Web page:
RLH – Truman Doctrine

Greece was in an area of British influence, however there was a civil war taking place there between the monarchists, supported by the Britain, and the communists from 1944. Stalin did not directly help the communists in Greece because of an agreement he had made stating that he would leave Greece alone on the condition that Britain left Poland alone. However this did not prevent the communist governments in Albania, Bulgaria and Yugoslavia from helping them by providing the Greek communists with money, soldiers and equipment. Britain could not sustain the support they were giving to the monarchists due to the debts of £3000 million owed after World War Two, as well as the extreme weather during the winter from 1946-47. Therefore in February 1947 the British government told the USA that they would have to withdraw their troops from Greece, which would ultimately lead to the communists winning the civil war and taking over another European country if no other countries took their place.

Truman responded to this with the Truman Doctrine, declaring on the 12th of March 1947 in a speech given to Congress that the United States must “support free peoples who are resisting subjugation by armed minorities or by outside pressures”, and consequently sending aid and military advisers to Greece, resulting in the defeat of the communists. This policy was aimed at preventing the spread of communism, which was America’s belief in containment, and demonstrated that Truman was prepared to give support or aid to any anti-communist government who needed it.

There were two blocs established across the world at this time, as more countries became divided: The Western bloc, which was an alliance between the Western European states and the USA, and the Soviet bloc, the alliance between Eastern European countries and the USSR. Truman and Marshall both hoped to be able to reduce the size of the Soviet bloc by encouraging or helping Eastern European states to leave it.

The Marshall Plan was set up by George Marshall, who had just been appointed as the US Secretary of State in 1947, after Marshall had travelled through Europe observing the economic problems faced by many of the western countries and it began being enforced in 1948. The Secretary of State proposed this plan in June, asking for a large amount of financial support to be given to these countries by America. Initially he asked for $17 billion to be invested in the recovery and reconstruction of Europe, however Congress only agreed to $13 billion. The humanitarian purpose of the Marshall plan was to support western countries in their recovery after the damage of the second world war, and Churchill described it as “the most unselfish act in history”. However there were also political and economic motivations behind the plan: while Europe was so damaged they were unable to trade with the USA which could lead to a recession if they had no market for goods. Moreover America believed that if these European countries were unable to get out of poverty they would be much more susceptible to communist influences, and were likely to vote the communists into power themselves.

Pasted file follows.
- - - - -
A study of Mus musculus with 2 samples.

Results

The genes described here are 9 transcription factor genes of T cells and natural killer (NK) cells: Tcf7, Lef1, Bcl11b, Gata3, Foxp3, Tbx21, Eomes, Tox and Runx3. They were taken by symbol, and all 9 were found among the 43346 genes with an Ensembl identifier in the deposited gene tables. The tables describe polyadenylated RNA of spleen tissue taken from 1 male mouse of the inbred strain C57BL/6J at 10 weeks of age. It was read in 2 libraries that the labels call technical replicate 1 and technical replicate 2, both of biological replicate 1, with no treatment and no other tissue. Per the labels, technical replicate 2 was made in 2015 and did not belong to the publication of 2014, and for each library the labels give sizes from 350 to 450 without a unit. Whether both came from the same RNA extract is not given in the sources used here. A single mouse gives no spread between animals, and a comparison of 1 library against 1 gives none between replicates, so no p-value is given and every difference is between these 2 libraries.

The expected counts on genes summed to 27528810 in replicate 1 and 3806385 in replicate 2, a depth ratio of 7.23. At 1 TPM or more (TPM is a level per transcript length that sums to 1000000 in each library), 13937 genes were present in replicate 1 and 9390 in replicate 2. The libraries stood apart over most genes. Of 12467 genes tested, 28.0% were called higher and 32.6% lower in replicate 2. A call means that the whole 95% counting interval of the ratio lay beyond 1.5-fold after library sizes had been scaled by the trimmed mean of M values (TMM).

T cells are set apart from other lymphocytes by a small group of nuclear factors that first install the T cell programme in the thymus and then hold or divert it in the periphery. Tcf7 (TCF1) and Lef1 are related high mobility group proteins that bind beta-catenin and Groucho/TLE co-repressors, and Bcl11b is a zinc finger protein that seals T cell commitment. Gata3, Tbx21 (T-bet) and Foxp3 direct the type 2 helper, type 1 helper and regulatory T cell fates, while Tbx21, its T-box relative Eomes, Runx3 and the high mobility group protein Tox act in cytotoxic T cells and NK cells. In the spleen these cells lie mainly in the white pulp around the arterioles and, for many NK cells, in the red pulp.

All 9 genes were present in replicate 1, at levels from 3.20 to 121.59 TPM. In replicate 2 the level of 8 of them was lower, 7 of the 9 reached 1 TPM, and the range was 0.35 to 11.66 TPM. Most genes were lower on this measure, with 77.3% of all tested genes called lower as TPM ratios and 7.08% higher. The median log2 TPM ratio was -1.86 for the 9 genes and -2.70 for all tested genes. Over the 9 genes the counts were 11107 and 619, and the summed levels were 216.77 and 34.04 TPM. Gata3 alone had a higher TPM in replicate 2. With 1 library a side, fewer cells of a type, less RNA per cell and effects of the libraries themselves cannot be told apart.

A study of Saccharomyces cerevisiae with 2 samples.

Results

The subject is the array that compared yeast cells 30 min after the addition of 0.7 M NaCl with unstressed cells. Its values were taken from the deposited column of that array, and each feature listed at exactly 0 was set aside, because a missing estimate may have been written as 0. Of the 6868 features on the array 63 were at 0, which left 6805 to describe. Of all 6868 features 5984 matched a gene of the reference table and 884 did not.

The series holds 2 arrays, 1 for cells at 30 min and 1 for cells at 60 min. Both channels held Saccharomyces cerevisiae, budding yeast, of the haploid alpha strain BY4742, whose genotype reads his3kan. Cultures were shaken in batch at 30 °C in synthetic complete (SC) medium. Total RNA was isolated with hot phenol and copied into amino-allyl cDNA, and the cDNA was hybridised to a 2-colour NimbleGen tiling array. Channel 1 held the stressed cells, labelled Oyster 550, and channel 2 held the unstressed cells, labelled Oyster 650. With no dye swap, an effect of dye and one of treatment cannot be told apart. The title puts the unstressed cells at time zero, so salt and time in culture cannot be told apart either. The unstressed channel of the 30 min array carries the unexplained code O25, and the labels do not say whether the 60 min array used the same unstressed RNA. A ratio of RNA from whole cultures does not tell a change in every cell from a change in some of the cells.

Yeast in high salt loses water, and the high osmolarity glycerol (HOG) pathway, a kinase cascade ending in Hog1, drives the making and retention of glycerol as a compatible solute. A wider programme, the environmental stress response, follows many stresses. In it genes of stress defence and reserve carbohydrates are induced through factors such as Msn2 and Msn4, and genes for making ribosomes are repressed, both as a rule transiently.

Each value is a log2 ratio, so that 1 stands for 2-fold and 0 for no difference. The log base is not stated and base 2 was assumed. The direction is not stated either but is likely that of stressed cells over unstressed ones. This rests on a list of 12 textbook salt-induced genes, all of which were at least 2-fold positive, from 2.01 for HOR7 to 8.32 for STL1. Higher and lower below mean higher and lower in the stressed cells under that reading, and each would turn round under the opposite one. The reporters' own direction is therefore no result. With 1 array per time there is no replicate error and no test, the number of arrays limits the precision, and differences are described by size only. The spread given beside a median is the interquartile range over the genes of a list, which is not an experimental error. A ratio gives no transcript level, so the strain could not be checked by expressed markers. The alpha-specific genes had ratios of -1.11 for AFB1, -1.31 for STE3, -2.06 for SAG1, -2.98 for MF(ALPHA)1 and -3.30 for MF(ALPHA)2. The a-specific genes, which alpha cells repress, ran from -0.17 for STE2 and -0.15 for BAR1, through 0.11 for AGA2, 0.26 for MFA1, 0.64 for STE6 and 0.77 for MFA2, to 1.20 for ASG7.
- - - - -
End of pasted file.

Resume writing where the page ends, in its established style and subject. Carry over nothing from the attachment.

Theoretically Marshall aid could have been given to any country within Europe but eastern European countries were pressured into denying the aid, meaning only western Europe benefited from the plan. This was due in part to the conditions of receiving the aid: countries must provide economic records and open their economy to the capitalist interests of the USA. Consequently this meant that communist countries would have had to hugely change their political and economic policies in order to have been eligible.

On the 2nd of July 1947 Molotov, the Soviet Foreign Minister, left a conference with Britain and France on Stalin’s orders after objecting to the conditions of receiving financial aid, as they wanted each state to agree to a joint programme for spending the money while the Soviet Union wanted to be able to use the aid however they wanted to without agreeing to trade increasingly with America. Representatives from 16 European countries met in Paris beginning on the 16th of July to discuss how to rebuild Europe and accept the US aid. Stalin ensured that Poland, Hungary, and Czechoslovakia did not attend the conference. Despite the absence of these Eastern European countries the negotiations were still difficult and by August they only had a list of requests for each country for the use of the aid. Furthermore the European countries  were asking for $29 billion which the US Congress was unwilling to give them. US officials set up the Advisory Steering Committee  which would advise on the priorities and the key decisions to try and help the Europeans and Americans to cooperate with their requirements. The countries had to find a way to work together with and liberalise trade while also managing to maintain their own independence and sovereignty.

Stalin set up  the Communist Information Bureau (Cominform) in September 1947 in response to the Truman Doctrine and Marshall Plan. He did this when he invited leaders of Communist parties in France and Italy as well as the Eastern European communists to Szelarska Poreba in Poland for a conference. Cominform aimed to unite the communist parties internationally, in satellite states and also Western Europe. This demonstrated the end of the co-operation and Grand Alliance between the Western countries and the Soviet Union.